Young Jewish adults looking for some Christmas Eve fun have at least three options next week, expanding on a tradition that is older than most of the attendees.
In the late 1970s Atlantan Barry Dreayer was bored with sitting around Christmas Eve and began hosting an annual Willie Nelson-themed party that became the place to be for Atlanta’s Jewish singles.
A few years later, David Diamond and David Weisman began hosting Christmas Eve parties at the Masquerade on North Avenue. These “David and David” events featured live music and were a fixture from 1984 until the early 1990s.
The mid-1990s saw the rise of the MatzoBall, an event hosted by Boston native Andy Rudnick. For more than a decade the MatzoBall gave local Jews something to do on Christmas Eve, but in 2011 the event was absent from the city.
In its wake, the Atlanta Jewish community produced the Bagel Bash at the Buckhead Theatre from 2011 to 2013. Last December brought Gozapalooza, an event hosted by Goza Tequila founders Adam Hirsch and Jacob Gluck at the Havana Club in Buckhead.
Gozapalooza will return Thursday, Dec. 24, but at a different venue, Buckhead’s Gold Room nightclub.
Rudnick’s MatzoBall also will return to the city for the first time in five years at the Havana Club, providing Christmas Eve choices for Jews in Atlanta.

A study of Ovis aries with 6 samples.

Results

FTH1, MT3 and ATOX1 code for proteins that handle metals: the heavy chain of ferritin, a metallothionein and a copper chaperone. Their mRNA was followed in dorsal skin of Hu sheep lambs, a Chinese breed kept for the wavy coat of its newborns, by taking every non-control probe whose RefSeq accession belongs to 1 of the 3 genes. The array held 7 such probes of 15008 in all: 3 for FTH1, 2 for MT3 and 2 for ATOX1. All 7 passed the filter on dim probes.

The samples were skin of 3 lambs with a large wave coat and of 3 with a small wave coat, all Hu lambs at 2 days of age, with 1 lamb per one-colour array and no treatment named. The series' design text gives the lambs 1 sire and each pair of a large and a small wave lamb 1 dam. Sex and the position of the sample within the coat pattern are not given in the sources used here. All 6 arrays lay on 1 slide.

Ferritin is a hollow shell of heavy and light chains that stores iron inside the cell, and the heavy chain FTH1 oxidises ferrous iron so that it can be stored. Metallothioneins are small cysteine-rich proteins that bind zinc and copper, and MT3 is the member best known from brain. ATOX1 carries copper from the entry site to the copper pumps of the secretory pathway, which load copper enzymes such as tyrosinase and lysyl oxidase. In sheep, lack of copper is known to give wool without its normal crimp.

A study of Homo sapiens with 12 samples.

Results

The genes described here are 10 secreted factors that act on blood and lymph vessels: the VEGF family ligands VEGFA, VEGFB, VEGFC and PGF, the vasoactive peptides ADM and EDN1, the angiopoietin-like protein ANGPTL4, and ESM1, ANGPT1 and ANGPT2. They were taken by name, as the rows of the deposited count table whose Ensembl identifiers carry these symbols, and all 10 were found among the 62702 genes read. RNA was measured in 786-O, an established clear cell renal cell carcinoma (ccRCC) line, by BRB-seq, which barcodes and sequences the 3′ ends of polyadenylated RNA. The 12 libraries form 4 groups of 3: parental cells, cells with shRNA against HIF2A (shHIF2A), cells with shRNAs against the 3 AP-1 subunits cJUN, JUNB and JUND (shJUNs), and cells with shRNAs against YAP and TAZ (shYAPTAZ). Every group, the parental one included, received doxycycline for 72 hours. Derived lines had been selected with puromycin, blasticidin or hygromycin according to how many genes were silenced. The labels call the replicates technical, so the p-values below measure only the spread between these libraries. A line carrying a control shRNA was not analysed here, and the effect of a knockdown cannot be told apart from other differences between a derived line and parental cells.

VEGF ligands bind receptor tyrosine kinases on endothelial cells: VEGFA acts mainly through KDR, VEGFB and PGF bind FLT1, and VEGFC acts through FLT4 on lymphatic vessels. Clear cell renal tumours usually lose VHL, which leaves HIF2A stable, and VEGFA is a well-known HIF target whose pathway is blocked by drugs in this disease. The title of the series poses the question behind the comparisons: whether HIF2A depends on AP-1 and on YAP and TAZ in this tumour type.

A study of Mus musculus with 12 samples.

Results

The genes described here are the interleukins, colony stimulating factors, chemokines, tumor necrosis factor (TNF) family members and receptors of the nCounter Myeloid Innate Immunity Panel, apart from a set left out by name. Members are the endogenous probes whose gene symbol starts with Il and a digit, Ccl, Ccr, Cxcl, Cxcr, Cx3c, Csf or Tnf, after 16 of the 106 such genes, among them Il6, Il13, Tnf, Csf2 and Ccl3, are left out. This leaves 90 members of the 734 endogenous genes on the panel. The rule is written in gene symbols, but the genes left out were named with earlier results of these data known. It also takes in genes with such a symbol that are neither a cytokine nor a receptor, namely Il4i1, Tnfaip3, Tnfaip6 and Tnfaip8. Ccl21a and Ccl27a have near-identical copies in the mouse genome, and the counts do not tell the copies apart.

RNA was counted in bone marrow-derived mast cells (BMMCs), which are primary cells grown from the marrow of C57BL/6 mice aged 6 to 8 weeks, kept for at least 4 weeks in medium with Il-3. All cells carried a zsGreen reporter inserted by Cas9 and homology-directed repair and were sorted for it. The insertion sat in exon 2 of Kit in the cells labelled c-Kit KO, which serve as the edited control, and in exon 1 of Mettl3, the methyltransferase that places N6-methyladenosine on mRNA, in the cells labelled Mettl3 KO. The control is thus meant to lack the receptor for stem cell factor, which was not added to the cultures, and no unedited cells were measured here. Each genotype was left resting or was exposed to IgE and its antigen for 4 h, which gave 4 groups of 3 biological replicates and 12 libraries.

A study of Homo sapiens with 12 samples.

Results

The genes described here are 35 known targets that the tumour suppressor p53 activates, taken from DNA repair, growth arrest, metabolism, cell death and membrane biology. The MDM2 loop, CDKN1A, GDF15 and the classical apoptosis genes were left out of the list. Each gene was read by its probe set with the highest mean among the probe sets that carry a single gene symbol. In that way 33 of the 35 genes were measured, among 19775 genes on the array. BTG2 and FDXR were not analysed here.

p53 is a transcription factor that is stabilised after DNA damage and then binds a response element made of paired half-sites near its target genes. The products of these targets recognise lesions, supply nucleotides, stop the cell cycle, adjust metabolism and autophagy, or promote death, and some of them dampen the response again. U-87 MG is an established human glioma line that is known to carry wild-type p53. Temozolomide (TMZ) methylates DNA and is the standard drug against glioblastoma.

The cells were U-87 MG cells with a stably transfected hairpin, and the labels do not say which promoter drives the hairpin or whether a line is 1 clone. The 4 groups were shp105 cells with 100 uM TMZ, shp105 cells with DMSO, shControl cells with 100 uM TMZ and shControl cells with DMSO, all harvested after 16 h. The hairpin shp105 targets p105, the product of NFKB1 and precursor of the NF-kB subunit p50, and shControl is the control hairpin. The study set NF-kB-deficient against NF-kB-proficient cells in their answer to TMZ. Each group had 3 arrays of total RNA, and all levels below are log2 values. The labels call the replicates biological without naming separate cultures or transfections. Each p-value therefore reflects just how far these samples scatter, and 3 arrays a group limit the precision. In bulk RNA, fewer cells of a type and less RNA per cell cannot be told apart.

Are three competing events on Christmas Eve too many?
Rudnick doesn’t think so.
“Competition is a wonderful thing,” he said. “I’m happy about it. It provides more opportunities for young Jewish kids to meet.”
He added, “Atlanta has a relatively large Jewish population, many of whom I’m sure are eager to get out and party on Christmas Eve.”
Last year as Atlanta’s only Jewish Christmas Eve event, Gozapalooza was attended by nearly 800 people.
Tickets to the Jew Jam are $15, to Gozapalooza are $25 with a free drink, and to the Matzoball are $30. Gluck and Hirsch have partnered with Marcus Jewish Community Center Young Adults, the Atlanta Jewish Music Festival and GrapeVine, while MatzoBall has ties to the Society of Young Jewish Professionals and JDate.
“We’ve teamed up with the Young Adults division of the Marcus Jewish Community Center, and the proceeds from the event go to JCC,” Hirsch said. “Goza is a new brand that launched this year, and very much like our product, which is fun and different, we wanted an option for Christmas Eve that was fun, and we want people to have a good time.”
The MatzoBall will take place in 15 cities on Christmas Eve, including Miami, Boston, Los Angeles, Houston, San Diego and New York. Gozapalooza, meanwhile, remains local.
Despite competition for attendance, an abundance of Jewish-themed Christmas Eve gatherings in Atlanta can be seen as a good thing.
“Something that attendees over the past 10 years to these things have said is that there was no effort to make it better or different,” Goza’s Gluck said. “So that’s one reason we changed the venue, and we’re doing things like bringing in food trucks. We don’t want to rest on our laurels and assume that people don’t have anything else to do.”